Playing College Softball Is Not a Pipe Dream



By Mallory Winters, NCSA softball senior recruiting coordinator

Watching the Women’s College World Series or Olympic Softball Championship inspires dreams and goals in the hearts of many young softball players. For a lot of hopefuls, however, college softball is often considered to be merely a “pipe dream.” Years down the road, many athletes and families have the “coulda, woulda, shoulda” regrets of missed opportunities. Whether they didn’t know how to get recruited, they thought their coach was handling it for them, or they just thought they were good enough to get “discovered,” the reasons for these missed opportunities are endless.

I’m here to tell you that playing college softball is not a pipe dream. For every student-athlete who has a goal to compete in college, it is completely attainable with the right plan, the right expectations, and the necessary work ethic.

A great, well-executed plan is the key ingredient to playing college softball. As a family, start early. There are over 1,600 college softball programs, and approximately 80% of those teams are outside of Division I. That’s a lot of potential opportunities.

Start by researching what you really want in a college

As you research these various programs, have discussions as a family about what is important in the college decision. This does not just mean picking the most competitive softball team or the school with the best facilities. Have a real, impactful conversation. What is necessary to talk about when you’re making that college decision: social environment, academic standards and scholarship needs.

Every family is different, and every family’s college goals are different. You must have a plan that meets your family’s needs. Be honest with each other. Students and parents often have very different goals. Do not wait until the last minute to do years’ worth of research, as that will put you behind on an already steep curve, greatly limiting the available opportunities.

Set the right expectations on what level is your best fit

Expectations can be the biggest barrier to your softball career. Not every athlete is a top-level player, and your best fit may be at a school you’ve never seen on TV. Division II, Division III, NAIA, and junior college programs have a ton of valuable life and softball experience to offer.

Expect that college coaches may already have some of their rosters filled. Expect that some coaches might not respond to your emails. Expect that your dream school might never see you play in person. There are thousands of high school and middle school athletes playing softball competitively throughout the U.S. and around the globe.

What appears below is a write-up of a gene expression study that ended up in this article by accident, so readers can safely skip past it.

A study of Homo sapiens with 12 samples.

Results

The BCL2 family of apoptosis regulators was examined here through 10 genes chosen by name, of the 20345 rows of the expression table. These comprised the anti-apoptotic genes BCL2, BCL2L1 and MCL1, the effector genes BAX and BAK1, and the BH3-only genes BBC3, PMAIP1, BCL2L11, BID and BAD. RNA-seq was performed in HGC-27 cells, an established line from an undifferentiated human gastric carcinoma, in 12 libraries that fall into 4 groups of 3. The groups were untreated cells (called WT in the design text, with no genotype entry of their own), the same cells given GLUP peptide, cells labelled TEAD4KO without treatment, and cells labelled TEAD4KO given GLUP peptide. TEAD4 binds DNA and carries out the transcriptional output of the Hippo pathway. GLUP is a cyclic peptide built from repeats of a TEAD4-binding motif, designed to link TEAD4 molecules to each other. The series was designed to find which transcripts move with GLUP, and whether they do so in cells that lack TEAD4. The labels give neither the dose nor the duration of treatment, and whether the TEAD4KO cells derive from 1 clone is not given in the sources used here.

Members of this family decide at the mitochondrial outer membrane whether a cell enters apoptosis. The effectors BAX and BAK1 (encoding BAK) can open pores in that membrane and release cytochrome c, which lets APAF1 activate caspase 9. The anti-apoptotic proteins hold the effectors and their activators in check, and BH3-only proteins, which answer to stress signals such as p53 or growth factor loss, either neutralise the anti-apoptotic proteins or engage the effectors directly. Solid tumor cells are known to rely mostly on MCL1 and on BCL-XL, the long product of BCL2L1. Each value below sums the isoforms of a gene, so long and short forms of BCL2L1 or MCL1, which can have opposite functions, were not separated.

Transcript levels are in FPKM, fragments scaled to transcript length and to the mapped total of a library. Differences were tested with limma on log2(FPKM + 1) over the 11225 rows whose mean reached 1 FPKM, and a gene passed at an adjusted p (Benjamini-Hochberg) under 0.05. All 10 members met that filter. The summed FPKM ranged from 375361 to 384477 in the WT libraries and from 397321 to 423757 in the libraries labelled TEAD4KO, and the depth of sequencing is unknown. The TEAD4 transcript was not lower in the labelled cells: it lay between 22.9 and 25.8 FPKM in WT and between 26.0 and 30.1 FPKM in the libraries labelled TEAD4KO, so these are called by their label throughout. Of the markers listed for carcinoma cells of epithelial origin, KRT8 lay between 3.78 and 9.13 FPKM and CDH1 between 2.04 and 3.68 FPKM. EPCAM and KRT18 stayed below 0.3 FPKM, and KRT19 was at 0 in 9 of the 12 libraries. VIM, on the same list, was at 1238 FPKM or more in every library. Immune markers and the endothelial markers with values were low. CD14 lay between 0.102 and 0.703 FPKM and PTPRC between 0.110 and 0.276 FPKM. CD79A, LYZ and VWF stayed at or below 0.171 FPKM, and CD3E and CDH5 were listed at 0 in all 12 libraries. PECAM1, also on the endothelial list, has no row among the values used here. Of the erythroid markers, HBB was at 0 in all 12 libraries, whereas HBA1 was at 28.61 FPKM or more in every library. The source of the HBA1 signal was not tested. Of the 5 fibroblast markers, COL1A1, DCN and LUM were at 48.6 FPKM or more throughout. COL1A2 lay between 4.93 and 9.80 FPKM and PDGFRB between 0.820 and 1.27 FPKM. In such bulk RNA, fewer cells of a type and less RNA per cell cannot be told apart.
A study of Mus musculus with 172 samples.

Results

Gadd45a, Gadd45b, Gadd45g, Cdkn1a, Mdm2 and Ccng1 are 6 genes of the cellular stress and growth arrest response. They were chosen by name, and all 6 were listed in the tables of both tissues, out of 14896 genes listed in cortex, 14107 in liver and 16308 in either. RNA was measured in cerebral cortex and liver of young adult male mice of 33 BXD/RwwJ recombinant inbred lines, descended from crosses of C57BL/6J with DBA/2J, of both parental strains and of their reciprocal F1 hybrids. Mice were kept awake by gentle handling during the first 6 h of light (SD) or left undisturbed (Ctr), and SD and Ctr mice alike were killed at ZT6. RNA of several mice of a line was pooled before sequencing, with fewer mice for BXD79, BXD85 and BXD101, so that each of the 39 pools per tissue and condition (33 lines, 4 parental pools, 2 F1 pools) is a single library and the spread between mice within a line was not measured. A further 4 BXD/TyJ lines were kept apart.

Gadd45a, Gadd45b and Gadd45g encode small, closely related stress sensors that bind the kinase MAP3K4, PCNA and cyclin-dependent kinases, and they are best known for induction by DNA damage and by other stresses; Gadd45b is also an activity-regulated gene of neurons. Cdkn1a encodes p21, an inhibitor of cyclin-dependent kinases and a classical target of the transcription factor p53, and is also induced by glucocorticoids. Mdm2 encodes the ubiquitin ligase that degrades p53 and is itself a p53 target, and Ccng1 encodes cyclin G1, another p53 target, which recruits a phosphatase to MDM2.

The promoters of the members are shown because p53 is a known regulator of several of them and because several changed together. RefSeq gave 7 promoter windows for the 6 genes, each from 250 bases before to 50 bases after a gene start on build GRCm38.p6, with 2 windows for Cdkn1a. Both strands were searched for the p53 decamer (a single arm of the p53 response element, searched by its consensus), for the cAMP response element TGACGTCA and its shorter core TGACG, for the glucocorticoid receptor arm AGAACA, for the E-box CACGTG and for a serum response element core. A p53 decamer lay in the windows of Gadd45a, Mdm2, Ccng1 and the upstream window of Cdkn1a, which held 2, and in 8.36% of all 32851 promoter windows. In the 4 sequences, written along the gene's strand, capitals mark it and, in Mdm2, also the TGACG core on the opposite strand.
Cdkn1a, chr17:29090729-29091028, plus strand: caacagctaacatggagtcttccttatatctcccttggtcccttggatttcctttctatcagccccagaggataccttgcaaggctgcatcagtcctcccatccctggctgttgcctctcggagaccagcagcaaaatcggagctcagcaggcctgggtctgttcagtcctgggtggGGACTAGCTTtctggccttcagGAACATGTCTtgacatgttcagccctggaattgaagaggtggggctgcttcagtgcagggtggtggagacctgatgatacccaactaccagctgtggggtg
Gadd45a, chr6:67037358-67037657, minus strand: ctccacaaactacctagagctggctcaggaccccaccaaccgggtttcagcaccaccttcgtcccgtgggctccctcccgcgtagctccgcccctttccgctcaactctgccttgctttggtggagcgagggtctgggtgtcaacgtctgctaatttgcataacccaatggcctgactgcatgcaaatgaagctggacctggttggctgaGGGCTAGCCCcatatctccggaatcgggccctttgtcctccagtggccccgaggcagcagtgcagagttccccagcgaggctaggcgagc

These expectations will help keep your mind focused on the end goal in recruiting – a college degree. If you concentrate on your plan and set your expectations accordingly, creating opportunities for yourself at all levels will ultimately lead to a successful recruiting experience.

Put in the hard work necessary to make it to the next level

Great plans and expectations are the pillars of a successful recruiting process. However, without hard work, playing college softball will remain a Pipe Dream. This intangible quality is often neglected in the whirlwind softball environment. You need to put in the work academically, athletically and in your recruiting. Ask yourself these questions to gauge your work ethic:

  • Are you willing to work hard to maintain solid grades throughout high school?
  • Are you willing to get help, tutors, extra study sessions in areas where you are struggling?
  • Are you willing to train harder than the competition, harder than you think you’re capable of?
  • Are you willing to condition on your own time?
  • Are you willing to eat right and be disciplined in your nutrition?
  • Are you willing to take on the responsibilities that come with recruiting?
  • Are you willing to spend the hours researching schools and handcrafting unique emails?
  • Are you willing to follow up with every coach who shows interest in you?
  • Are you willing to put yourself out there, to go on visits and meet new people, to make a tough decision about your future and goals?

If you put in the time to plan, have the proper expectations, and take on the work, you can achieve your dream of playing softball in college. At the end of your college softball career, when the uniform is taken off for the last time — or 20 years down the road, when dropping your children off at their own practices — you will know that you had the power to turn your dream into a reality.